Jazz which was developed in New Orleans in the twentieth century, is considered as their music idiom in the city while they celebrate the cultural origins with the phenomenally successful Mardi Gras and world-renowned cuisine (Gale, 2009). I chose New Orleans because one of the possible schools I might transfer to is Xavier which is in New Orleans.
New Orleans is mostly surrounded by water and is very peninsular.
The city essentially lies in a geographic bowl that’s lies about 6 feet below sea level to 15 feet above. It is approximately 181 square miles. It spreads around a curve of the Mississippi River. The northern part of New Orleans touches Lake Pontchartrain which connects into Lake Borgne. Lake Borgne then flows into the opening of the Gulf of Mexico. New Orleans is surrounded in all directions by lakes, marshlands and bayous. A massive levee system protects the city from flooding and tidal waves but in 2005, hurricane Katrina was so powerful that the levees failed and most of the city went underwater (Campanella, 2011).
To date, billions of federal dollars were given to rebuild or restore the levees but most claim that the levees were just patched up and not completely rebuilt. Many historic tourist sites and attractions have been restored and many businesses have been rebuilt.
The weather is another great reason that make New Orleans great. It is considered a humid semi-tropical climate. While snow is possible, rain occurs mostly throughout the year. Its annual average precipitation is 64.16 inches per year. The average temperature in New Orleans in January is 52.6° F, 82.7° F in July and the annual average temperature is 68.8° F.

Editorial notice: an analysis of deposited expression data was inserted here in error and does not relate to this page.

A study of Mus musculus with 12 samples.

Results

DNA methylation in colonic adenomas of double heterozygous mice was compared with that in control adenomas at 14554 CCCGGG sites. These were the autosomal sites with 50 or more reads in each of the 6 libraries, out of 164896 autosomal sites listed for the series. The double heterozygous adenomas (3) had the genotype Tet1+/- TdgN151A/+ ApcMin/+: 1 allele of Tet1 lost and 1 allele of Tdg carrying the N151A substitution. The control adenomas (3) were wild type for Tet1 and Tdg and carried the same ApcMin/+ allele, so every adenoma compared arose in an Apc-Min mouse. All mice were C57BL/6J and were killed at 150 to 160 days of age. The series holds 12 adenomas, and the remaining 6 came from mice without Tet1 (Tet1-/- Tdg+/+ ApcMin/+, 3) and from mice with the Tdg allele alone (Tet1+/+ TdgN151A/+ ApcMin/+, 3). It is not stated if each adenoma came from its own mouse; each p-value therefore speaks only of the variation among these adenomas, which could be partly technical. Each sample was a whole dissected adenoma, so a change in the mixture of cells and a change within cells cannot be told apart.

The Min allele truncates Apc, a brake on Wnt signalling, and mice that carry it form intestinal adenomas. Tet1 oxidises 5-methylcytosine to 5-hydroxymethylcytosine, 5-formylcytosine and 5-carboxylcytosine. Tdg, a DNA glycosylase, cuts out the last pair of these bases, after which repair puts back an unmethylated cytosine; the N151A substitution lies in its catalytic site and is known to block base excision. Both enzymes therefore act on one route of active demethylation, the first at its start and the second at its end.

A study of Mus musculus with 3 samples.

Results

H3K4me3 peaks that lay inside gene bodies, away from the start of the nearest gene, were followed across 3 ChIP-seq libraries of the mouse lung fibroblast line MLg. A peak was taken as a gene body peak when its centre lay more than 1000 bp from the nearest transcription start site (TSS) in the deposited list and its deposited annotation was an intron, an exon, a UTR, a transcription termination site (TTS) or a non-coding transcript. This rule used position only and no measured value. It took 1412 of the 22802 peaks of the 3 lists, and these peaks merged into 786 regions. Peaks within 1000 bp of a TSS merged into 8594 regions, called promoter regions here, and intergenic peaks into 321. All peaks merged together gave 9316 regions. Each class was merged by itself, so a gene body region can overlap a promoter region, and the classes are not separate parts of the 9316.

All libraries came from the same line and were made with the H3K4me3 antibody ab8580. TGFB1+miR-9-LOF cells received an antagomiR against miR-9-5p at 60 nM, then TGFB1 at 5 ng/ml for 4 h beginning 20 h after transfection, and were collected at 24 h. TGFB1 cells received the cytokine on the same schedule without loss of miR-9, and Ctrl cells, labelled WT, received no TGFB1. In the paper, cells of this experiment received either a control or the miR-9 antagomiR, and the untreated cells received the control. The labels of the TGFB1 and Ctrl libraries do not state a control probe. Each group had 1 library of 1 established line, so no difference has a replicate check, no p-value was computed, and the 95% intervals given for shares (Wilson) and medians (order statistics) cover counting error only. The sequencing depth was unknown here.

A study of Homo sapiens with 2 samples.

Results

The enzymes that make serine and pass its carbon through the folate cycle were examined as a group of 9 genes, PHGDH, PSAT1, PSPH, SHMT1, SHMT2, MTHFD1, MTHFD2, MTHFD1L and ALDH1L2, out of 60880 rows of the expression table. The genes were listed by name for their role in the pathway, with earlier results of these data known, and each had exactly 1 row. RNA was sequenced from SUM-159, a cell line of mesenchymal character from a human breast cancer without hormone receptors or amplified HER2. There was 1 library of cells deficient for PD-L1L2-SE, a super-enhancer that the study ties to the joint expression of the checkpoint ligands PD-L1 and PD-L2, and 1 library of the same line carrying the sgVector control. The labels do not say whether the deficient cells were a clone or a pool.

The transportation system to depart or arrive from New Orleans is standard, by bus, airlines, train or cruise ship. They also have a public transportation system that is used to get around town. The streetcar system has 4 lines that originate from downtown and go through the French quarters and beyond. The streetcars are air conditioned and ride on rails, so they avoid traffic to get you through the scenic route of your destination. The streetcars longest destination is about 6 miles from downtown. Along with the streetcars, New Orleans also has the bus system or Regional Transportation Authority (RTA). The RTA has 40 bus routes that runs through every neighborhood of Crescent City. From Uptown to Downtown, from Lakeview to the Lower Ninth, from Mid-City across the Mississippi River and to the parish lines, the RTA goes there (Gale, 2009). Another popular mode of transportation are the ferries and of course, there are cabs, limousines and ride sharing.
Like many cities, New Orleans system has long been uneven with division lines that often follow class and race. The Regional transit Authority that was established in 1979, was set up to include both New Orleans and the surrounding counties or parishes. The mostly whiter and better off parishes opted out and only the Orleans parish opted in which houses majority of blacks. Today, New Orleans is increasingly an economically divided city with most of the city’s wealthiest people who own cars and live near the city’s four trolley lines. The more spread-out margin of poorer people live further away from the trolley lines and don’t have cars so they rely on the sparse bus network. About 1 in 5 new Orleanians lack access to a reliable vehicle and because of reliable transportation, nearly 90 percent of the region’s jobs are off-limits. Because of the parishes opting out of the RTA, the bus system makes riders coming in or out of the city transfer to another bus with an entirely different bus network, thus paying a second fare which makes commuting so burdensome (Snyder, 2018).